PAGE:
The Aaronic Blessing
By Jeff A. Benner




Most are familiar with the beginning of the Aaronic blessing; "May the LORD bless you and keep you" (Numbers 6:24). We often read or say these words without really knowing what they mean. The words "bless" and "keep" are abstract words which we are familiar with in English. But, the ancient Hebrews were concrete thinkers who related all things to concrete ideas.

The Hebrew word for "bless" is "barak" which literally means "to kneel". A berakah is a "blessing" but more literally, the bringing of a gift to another on a bended "knee". When we bless God or others, we are in essence, bringing a gift on bended "knee". A true king is one who serves his people, one who will humble himself and come to his people on a bended knee.

The Hebrew word for "keep" is "shamar" which literally means "to guard". A related word is "shamiyr" which means "thorn". When the shepherd was out in the wilderness with his flock, he would construct a corral of thorn bushes to protect the sheep from predators, a guarding over of the sheep.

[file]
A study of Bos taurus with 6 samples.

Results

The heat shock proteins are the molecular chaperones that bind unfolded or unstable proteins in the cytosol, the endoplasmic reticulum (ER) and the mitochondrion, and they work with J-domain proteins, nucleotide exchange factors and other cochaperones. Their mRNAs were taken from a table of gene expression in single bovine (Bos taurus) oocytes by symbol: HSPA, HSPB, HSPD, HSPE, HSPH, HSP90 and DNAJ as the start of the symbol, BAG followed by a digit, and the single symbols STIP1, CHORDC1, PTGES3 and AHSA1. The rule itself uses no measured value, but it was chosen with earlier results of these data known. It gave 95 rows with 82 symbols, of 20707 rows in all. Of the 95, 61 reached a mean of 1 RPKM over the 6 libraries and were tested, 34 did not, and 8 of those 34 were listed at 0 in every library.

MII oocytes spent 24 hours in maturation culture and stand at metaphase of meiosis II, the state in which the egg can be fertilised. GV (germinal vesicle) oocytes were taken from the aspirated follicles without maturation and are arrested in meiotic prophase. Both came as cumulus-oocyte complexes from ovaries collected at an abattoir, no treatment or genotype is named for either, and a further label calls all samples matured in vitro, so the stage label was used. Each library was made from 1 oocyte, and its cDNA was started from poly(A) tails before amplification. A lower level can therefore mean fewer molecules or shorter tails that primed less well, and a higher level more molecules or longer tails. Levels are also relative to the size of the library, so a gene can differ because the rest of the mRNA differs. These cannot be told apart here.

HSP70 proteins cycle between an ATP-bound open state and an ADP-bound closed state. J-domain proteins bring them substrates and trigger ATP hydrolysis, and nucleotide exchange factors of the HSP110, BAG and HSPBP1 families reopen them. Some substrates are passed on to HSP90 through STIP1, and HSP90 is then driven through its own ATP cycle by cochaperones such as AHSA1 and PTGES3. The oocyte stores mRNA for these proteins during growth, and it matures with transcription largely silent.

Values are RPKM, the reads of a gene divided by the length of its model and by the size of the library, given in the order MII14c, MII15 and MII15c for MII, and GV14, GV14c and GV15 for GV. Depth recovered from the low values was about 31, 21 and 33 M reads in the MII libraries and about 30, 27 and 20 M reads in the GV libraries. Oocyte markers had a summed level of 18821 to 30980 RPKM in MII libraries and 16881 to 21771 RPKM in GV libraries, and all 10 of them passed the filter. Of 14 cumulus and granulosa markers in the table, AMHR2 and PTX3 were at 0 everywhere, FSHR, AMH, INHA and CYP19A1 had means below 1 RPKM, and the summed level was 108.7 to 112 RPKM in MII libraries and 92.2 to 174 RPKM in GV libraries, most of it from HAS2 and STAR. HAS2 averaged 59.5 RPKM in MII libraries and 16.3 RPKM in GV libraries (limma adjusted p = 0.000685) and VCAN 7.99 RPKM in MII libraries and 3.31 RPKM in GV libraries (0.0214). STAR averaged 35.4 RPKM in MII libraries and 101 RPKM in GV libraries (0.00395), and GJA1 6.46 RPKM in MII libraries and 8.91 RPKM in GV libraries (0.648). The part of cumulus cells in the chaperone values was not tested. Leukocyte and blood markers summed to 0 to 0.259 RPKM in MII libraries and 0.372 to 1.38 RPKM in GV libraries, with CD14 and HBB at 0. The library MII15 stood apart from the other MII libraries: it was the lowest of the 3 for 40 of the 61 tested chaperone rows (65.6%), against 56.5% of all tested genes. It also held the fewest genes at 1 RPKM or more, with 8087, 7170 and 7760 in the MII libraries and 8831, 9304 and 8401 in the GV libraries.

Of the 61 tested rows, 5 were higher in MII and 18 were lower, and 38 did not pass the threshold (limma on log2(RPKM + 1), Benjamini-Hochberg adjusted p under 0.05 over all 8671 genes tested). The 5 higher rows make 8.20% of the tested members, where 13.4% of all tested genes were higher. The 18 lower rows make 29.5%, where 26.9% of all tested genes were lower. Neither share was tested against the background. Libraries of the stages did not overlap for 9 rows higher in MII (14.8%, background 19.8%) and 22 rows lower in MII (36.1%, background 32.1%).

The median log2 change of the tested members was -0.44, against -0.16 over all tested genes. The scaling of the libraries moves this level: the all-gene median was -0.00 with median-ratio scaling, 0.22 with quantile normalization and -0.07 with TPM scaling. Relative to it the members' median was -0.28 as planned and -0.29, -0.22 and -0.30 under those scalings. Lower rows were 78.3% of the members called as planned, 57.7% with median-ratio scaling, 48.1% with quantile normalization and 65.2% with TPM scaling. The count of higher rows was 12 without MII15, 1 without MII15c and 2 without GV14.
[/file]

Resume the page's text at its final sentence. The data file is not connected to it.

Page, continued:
With this more Hebraic concept of Hebrew words we can now read the beginning of the Aaronic blessing as, "Yahweh will kneel before you presenting gifts and will guard you with a hedge of protection". The remaining portions of the Aaronic blessing can also be examined for its original Hebraic meaning revealing the following:

Yahweh will kneel before you presenting gifts and will guard you with a hedge of protection, Yahweh will illuminate the wholeness of his being toward you bringing order and he will beautify you, Yahweh will lift up his wholeness of being and look upon you and he will set in place all you need to be whole and complete.